Being and coming out

If you’re LGBTQ+, and maybe if you’re not, you probably know that coming out is a process that never ends. Sure, maybe your parents, your friends, and your job know, but because we live in a culture that assumes heterosexuality, a lot of moments happen where coming out or going along with a not quite truth are in the cards.

And, no matter how comfortable you may be with yourself, no matter how open you hopefully have the luxury of being, and no matter how safe your community, sometimes, those moments are still really, really nerve-wracking.

I’ve been having a lot of those moments lately, for the first time in a very long time. And no, this post isn’t going to be a metaphor about writing romance — although, yes, people are weird about that too.

It’s just that I’m almost 42, been with my partner for 7.5 years, and don’t necessarily engage in a lot of casual social interaction; that’s one of the beauties of New York. A huge number of my friends are some sort of LGBTQ+, and right there is another reality of my queerness: I don’t actually deal with a lot of straight people.

I think this is a fairly common experience for lots of LGBTQ+ people, although it’s one I’ve had to explain to a few of the heterosexual readers of Starling. Yes, some gay/etc. people mostly have gay/etc. friends, and their whole worlds can, in fact, be a non-stop rainbow of LGBTQ+ magic. I mean, I live in a gay neighborhood and eat Big Gay Ice Cream. Really.

Anyway, lately, because of Starling, I’ve been having to deal with this coming out thing again.  Because I’ve been meeting people and networking in the LGBT and general romance communities, both on- and off-line.  And in many parts of the broad romance community queerness is not assumed.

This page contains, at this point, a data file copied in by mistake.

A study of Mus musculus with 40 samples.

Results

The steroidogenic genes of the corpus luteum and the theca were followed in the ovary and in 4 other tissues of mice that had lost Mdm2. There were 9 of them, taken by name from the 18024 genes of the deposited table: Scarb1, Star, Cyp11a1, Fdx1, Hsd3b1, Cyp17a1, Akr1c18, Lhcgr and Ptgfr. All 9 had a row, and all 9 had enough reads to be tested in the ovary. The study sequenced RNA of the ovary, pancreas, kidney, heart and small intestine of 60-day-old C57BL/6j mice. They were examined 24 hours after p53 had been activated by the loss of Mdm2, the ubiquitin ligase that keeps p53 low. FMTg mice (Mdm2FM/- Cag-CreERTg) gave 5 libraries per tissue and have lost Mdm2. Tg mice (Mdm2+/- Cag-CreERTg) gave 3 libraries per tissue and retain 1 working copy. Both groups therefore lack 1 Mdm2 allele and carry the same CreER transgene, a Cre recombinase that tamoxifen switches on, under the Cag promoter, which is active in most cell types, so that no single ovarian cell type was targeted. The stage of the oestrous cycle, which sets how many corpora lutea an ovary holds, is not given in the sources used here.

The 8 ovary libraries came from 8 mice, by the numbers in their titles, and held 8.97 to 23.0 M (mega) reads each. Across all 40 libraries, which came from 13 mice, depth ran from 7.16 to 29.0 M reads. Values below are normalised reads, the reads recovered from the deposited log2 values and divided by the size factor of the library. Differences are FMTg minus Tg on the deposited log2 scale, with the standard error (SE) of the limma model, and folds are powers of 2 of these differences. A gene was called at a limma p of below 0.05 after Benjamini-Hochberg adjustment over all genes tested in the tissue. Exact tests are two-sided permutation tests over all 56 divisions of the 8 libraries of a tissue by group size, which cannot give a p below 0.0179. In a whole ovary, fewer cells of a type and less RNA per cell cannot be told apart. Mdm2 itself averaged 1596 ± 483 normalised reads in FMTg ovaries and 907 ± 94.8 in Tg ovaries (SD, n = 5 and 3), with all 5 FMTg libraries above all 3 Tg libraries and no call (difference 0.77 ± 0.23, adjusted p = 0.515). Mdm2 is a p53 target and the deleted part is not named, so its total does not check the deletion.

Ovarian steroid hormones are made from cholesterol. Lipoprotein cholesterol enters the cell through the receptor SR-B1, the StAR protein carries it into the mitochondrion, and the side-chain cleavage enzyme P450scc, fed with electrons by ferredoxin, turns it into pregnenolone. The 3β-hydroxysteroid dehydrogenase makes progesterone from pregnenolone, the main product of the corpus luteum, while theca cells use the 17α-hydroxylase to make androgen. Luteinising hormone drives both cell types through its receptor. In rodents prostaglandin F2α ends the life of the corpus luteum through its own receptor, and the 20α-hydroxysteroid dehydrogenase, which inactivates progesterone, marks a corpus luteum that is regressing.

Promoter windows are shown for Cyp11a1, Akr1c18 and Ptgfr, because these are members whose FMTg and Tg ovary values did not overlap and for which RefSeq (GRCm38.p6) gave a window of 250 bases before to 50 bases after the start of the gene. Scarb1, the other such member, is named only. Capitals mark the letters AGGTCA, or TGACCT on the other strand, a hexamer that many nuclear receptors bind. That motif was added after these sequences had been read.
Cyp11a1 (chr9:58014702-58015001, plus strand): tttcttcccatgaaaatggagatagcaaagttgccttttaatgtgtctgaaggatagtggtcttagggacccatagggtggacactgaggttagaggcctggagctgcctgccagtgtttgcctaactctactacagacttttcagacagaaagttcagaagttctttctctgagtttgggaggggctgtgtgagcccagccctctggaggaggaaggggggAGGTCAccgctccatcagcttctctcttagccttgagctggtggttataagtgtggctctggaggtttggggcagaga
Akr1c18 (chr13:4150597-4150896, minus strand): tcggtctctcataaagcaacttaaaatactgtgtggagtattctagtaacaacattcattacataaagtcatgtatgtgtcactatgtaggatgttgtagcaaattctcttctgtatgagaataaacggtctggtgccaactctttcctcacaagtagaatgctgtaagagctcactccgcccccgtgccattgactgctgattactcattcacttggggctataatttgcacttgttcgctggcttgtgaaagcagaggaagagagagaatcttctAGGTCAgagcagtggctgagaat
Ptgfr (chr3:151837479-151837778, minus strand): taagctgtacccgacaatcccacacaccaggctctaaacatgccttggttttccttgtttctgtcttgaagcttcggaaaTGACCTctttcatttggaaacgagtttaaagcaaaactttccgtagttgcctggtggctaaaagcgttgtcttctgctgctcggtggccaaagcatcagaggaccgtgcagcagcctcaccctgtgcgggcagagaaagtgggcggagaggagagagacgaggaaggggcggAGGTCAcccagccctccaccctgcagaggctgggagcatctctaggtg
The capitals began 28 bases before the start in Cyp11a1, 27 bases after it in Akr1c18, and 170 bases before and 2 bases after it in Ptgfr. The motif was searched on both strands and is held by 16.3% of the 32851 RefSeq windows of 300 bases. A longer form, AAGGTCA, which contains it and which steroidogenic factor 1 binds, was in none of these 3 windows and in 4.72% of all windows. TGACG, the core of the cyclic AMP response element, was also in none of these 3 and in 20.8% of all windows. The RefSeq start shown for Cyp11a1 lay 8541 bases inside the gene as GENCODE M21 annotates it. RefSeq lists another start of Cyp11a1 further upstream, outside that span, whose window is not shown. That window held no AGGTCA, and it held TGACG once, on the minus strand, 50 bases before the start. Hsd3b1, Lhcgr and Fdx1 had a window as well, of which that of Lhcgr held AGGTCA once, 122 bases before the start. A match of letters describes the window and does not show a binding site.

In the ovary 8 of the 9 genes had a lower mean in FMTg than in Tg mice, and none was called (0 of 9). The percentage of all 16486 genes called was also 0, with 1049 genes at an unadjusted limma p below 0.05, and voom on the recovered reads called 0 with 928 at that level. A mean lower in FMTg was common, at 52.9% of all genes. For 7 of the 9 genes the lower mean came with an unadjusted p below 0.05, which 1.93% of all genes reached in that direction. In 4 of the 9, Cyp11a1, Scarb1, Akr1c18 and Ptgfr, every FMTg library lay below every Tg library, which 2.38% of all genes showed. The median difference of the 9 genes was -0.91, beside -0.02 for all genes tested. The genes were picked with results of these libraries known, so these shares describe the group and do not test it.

I’ve been so visibly queer for so much of my life, that it’s completely weird to have people assume my partner is my friend or my sister.  I splutter, and I have no idea what to say.  Also weird?  Getting nervous before I post to Facebook groups to promote Starling that they might not be comfortable with gay content or that it will be held to a higher ratings standard.

After all, our cover features two men kissing, and to this day there are still publishers that give any gay romance their highest heat rating, regardless of the actual content of the book. Which to me just feels homophobic and like it’s suddenly 1987 all over again.

Yet more and more, I feel surprised that I’m surprised by all this. Progress doesn’t move at the same pace in all places and all communities, and it doesn’t move linearly either.  So I’m learning to send the reassuring emails that of course Erin & I can keep a discussion of our novel PG — even though it’s gay! —  just as Erin, who has only recently come out, is learning to navigate the maze of Random Verbal Contortions People Will Go Through To Avoid Making Erroneous Assumptions About Queerness That Would Actually Be Correct.

While I don’t believe what we write is political or any sort of blow for equality — they’re just stories we want to tell about screwed up people who have some stuff in common with us (besides, my blow for equality generally looks like giving money to Lambda Legal) — the personal is political.  And this weird journey of this book, and future books, existing, includes some very vivid reminders of just how true this is.

You never stop coming out.  But man, I never thought the degree to which I’d have to would accelerate because I helped write a romance series about Hollywood and the choices people make about their private lives when they’re on public display.

This entry was posted in books, genre talk, lgbtq, Love in Los Angeles, Starling, Writing and tagged , , , , , , . Bookmark the permalink.